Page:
Entertainment
My Precious... Sean Bowie hoards the awards to be given out during the second annual Freddies.
Kirstin Morrell/the Gauntlet

The Freddies island of misfit commercials

The 2nd annual Freddies bring us the most offensive, bizzare and just plain bad


"It's not a parody but poking fun at ourselves," explains co-organizer and aspiring filmmaker Sean Bowie of the snubbed Eddies commercial festival. "It's more a celebration of people's work and ideas and collective futility. There's beauty in people who have no business making films, but have something to say and express."

Bowie, whose failed Eddies entry featured a winter botchi ball tournament to the death where the winners drank Big Rock, is looking for commercials with "heart and no skill." He fondly recalls a couple of commercials at last year's Freddies he still doesn't understand.

"There was one with naked girls and it was out of focus," laughs Bowie. "And there was a dirty clown flicking his tongue out. And the slogan read 'Smells like beer, tastes like pussy.'"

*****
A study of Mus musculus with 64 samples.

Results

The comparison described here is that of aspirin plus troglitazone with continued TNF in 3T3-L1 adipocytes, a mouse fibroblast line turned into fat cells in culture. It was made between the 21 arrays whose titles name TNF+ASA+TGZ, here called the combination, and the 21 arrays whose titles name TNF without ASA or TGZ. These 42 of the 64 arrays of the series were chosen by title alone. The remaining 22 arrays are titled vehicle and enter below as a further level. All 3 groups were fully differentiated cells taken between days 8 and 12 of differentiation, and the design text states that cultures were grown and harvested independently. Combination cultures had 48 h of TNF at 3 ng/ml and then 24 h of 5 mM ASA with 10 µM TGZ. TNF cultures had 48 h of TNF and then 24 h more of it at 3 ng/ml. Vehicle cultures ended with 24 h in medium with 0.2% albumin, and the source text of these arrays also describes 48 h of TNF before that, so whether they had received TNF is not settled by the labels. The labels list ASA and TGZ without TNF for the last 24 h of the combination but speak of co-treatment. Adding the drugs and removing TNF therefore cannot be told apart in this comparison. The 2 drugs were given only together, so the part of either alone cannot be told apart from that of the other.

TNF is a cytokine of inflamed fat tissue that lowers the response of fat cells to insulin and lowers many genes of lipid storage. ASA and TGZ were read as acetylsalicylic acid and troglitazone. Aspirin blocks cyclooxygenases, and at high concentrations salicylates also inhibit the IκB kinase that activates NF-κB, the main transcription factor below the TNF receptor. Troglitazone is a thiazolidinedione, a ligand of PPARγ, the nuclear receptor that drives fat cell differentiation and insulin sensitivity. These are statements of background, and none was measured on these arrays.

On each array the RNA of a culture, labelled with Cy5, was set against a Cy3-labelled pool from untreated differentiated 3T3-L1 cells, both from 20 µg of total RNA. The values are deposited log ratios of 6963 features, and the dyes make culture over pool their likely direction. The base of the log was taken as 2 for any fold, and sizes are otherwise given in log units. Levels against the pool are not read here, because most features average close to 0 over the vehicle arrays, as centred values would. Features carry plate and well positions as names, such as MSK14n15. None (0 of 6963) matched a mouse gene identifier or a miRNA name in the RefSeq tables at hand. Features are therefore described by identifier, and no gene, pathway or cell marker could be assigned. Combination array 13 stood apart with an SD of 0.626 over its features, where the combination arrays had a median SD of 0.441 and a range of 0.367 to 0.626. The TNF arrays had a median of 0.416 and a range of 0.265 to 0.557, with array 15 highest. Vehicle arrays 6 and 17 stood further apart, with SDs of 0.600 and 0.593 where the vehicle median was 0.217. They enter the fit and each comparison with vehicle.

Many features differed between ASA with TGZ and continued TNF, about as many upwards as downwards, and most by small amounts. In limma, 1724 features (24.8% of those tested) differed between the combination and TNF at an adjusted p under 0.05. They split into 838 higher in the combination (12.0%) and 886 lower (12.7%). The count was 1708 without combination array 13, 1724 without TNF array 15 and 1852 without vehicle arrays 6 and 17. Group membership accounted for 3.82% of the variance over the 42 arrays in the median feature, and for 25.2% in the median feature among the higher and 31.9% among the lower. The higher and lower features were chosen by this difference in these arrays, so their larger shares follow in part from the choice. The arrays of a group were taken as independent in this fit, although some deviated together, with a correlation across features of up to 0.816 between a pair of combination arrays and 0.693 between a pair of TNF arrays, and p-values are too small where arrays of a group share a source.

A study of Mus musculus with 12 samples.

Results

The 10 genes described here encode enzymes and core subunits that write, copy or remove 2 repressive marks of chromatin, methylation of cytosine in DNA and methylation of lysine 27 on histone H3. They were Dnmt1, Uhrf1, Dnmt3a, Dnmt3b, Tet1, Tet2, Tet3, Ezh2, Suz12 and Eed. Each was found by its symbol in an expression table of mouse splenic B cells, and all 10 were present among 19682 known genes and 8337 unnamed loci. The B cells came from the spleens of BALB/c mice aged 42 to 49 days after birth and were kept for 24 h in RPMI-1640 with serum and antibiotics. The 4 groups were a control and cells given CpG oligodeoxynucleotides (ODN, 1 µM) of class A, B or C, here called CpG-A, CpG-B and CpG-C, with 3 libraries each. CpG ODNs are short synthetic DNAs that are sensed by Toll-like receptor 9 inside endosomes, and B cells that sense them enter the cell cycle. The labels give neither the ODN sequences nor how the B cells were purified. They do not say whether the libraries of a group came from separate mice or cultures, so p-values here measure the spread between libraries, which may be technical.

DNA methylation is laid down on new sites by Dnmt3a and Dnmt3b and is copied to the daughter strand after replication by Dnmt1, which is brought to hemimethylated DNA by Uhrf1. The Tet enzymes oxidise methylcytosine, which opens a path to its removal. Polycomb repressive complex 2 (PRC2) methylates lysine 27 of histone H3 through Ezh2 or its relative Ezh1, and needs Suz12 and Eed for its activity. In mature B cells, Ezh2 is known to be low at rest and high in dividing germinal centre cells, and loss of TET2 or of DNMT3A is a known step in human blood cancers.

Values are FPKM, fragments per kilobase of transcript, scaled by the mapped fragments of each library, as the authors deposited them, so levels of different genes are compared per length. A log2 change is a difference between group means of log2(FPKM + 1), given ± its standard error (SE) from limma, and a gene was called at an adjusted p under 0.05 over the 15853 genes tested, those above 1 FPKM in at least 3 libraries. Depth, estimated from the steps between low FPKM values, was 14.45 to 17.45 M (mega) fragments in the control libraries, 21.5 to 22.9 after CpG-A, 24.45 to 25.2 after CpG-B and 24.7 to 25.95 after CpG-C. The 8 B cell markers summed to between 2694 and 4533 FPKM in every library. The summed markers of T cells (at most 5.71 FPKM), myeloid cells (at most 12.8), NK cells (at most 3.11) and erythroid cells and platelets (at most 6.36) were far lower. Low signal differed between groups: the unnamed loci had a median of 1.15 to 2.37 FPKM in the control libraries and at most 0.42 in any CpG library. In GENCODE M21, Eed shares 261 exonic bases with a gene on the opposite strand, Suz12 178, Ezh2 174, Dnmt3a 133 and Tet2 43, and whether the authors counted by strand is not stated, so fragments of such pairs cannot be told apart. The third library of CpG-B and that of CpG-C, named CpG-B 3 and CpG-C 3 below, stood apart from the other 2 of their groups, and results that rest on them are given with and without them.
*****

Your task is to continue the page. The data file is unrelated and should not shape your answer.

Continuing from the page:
The festival will also award the amateur auteurs with prizes like the Most Offensive, the Yawn Award, the What the Hell Were You Thinking Award and the Worst Commercial of the Year. Winners will be presented with trophies, carefully gathered from secondhand stores.

The inspiration for the Freddies came from co-organizer Peter Strandrumpel's musings about the commercials that never made it to the Eddies. From that, in one week the first Freddies Reject Festival was quickly organized with 20 entries and 75 people eventually attending the event. According to Bowie, working with Strandrumpel and co-organizer Mike Johnson, there is a lot of interest in the festival. Even Big Rock has been helpful in their own way.

"We asked them to sponsor us and they gracefully declined," an amused Bowie recalls. "They didn't squash us so they helped that way. Technically, [the commercials] are the property of Big Rock. But they're going to sit in a room and collect dust."

If this year's Freddies proves successful, Bowie sees a counterculture direction for the festival in its future.

"We'll pick a corporate target, say Nike, and we want Nike commercials done in an Adbuster way," says Bowie. "But right now it's rooted in rejected Eddies."